When Daniel and I made this soufflé our mangoes were delicious and very sweet, so we reduced the quantity of sugar. Taste your mango purée to see whether you need more or less sugar. A desert soufflé is usually based on a crème patissière, which is a pastry cream or custard, made with flour; some fruit soufflés may be made flourless, such as this one, which is made with a ‘confiture russe’, a fresh purée beaten for half an hour or more with sugar so that the mixture ‘cooks’ slightly, but still retains its fresh flavour.
6 x 1 ¼ cup soufflé moulds; smaller are fine, you will just need a couple more
For the moulds
For the soufflé
¼ cup castor sugar, less if the mangoes are very sweet, so taste the purée and decide
1 tsp lemon juice
4 egg yolks
4 egg whites
½ tsp cream of tartar
¼ cup icing sugar
Pre-heat the oven to 190°C. Melt the butter in a small pot and butter the soufflé moulds with upward brush strokes, making sure they are well coated. Upward brush strokes, help the soufflé to rise. Sprinkle the bottom and the sides with castor sugar, tipping out any excess into the next soufflé mould. Place the dishes onto a baking sheet; do not touch the insides.
Select ripe, flavoursome mangoes. Peel and slice them, discarding the pips; put the pulp into the food processor, add the lemon juice and purée. Taste for sweetness and add up to the ¼ cup of sugar and process again.
Pour the mixture into a saucepan to make the ‘confiture russe’. Stew the purée over medium heat for about 15 minutes, stirring from time to time, so it does not burn. The mixture will thicken and become syrupy, from the sugar and as it loses moisture. When thickened, remove from the heat and cool for ten minutes. Stir in the egg yolks, one at a time, stirring well after each addition.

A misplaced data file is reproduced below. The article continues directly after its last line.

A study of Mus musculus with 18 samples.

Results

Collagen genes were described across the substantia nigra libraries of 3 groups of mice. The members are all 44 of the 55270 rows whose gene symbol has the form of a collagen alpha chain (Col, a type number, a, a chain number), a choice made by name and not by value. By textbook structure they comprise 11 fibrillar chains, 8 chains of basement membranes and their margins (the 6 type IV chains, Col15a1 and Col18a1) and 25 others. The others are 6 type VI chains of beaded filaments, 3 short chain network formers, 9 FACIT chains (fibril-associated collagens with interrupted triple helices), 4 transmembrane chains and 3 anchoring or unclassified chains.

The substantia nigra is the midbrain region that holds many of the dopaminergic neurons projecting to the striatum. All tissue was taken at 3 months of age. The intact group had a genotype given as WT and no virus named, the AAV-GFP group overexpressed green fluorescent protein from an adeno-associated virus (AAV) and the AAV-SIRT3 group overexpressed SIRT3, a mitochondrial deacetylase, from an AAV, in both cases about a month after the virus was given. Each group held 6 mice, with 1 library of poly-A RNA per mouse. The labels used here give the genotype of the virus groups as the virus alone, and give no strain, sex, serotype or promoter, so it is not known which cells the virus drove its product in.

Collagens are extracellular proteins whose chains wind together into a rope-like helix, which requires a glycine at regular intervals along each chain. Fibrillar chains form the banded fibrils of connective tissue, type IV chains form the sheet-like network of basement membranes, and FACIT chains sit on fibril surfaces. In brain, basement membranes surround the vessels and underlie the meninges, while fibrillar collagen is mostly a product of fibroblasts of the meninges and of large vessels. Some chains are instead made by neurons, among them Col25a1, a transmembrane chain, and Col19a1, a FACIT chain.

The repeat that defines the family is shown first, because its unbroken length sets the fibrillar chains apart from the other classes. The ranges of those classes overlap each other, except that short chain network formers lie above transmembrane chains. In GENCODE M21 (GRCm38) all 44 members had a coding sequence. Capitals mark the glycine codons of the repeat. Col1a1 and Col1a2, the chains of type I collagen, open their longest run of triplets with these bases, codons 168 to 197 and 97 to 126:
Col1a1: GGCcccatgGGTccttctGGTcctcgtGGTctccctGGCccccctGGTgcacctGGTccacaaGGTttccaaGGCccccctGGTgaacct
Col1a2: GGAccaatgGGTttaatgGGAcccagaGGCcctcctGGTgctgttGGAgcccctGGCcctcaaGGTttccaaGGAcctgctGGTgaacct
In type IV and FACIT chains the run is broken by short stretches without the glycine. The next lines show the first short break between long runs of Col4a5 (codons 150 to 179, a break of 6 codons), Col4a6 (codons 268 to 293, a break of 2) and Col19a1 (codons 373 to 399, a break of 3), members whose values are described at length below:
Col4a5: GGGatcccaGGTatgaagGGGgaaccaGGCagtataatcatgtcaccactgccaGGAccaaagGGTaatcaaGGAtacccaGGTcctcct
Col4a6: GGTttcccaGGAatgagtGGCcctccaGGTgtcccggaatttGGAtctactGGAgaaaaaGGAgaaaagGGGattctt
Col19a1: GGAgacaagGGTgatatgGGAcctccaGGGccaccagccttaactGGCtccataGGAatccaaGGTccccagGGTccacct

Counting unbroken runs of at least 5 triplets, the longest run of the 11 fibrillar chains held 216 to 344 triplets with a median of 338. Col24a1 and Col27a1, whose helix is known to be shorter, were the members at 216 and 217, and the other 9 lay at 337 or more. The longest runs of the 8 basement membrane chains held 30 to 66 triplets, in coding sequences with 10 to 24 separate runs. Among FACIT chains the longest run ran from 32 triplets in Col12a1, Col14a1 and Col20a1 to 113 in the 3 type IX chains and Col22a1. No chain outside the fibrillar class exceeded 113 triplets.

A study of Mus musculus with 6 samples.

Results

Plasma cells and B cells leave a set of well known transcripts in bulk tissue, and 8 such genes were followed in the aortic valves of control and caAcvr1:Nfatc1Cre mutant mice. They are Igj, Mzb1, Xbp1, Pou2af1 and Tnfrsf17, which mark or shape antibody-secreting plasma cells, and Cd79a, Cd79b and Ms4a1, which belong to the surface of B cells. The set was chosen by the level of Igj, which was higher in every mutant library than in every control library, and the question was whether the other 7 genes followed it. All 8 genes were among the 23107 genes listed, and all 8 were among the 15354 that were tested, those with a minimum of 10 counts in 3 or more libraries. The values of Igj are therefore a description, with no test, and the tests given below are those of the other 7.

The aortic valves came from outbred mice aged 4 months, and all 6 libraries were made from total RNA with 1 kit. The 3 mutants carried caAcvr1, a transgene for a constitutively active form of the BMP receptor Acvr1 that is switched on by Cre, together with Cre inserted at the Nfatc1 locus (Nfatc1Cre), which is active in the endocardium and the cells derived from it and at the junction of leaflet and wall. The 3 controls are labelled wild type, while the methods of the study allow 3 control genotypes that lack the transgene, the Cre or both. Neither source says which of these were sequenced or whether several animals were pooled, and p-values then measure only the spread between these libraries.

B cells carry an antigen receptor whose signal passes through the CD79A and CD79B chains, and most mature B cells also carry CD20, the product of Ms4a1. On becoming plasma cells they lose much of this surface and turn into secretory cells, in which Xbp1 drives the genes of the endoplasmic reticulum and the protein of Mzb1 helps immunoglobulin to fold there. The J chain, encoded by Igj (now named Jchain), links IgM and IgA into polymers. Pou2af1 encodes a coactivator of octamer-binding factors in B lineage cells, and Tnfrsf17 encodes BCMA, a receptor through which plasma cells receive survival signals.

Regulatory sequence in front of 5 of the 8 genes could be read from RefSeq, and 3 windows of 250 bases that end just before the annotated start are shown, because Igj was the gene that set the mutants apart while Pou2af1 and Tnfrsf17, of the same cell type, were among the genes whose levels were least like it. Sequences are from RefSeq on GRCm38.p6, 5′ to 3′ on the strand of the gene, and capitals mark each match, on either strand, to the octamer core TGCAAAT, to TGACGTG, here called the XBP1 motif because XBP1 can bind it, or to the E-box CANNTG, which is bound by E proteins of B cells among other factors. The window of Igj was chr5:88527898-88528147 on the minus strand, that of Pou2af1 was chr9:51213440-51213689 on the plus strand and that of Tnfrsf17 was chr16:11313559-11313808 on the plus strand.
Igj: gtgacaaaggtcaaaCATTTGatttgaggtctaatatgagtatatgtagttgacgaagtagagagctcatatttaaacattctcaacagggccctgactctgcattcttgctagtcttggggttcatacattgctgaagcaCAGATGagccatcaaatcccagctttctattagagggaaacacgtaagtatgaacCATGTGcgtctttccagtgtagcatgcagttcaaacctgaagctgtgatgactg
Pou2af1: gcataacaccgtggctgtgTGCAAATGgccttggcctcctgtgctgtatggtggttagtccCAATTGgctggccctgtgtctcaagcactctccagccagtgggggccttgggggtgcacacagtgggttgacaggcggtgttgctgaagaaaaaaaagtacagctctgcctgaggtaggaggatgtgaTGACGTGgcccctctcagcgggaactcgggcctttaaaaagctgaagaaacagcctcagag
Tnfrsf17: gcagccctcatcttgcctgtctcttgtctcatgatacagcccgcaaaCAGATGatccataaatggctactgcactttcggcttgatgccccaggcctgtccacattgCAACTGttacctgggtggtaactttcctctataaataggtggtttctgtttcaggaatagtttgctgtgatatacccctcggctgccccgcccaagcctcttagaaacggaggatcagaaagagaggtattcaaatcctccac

In an electric mixer, whisk the egg whites with the cream of tartar until they reach soft peaks. Gradually add the icing sugar and continue to beat until the whites are firm and fluffy.
Fold the egg whites into the mango mixture, a third at a time, very gently so you do not deflate the whites. Once the mixture is well incorporated, spoon the mixture into the soufflé moulds. Fill to the top and smooth the surface with the palette knife. Clean the side and top edge of the soufflé pot so they rise evenly and the pots are clean when cooked.
Bake twelve minutes for larger moulds and about 9 minutes for smaller ones. When they are ready, golden and well risen, turn off the oven and leave them in the oven for a few minutes as they continue to rise.
Set the serving plates out with a small napkin on each plate to stop the dishes from slipping and for you to hold the hot dish with whilst you eat the soufflé.
Serve the soufflés with a dusting of icing sugar on top. It is also nice to serve the soufflé with a small jug of warm mango coulis, flavoured with some Bundaberg or Bacardi rum.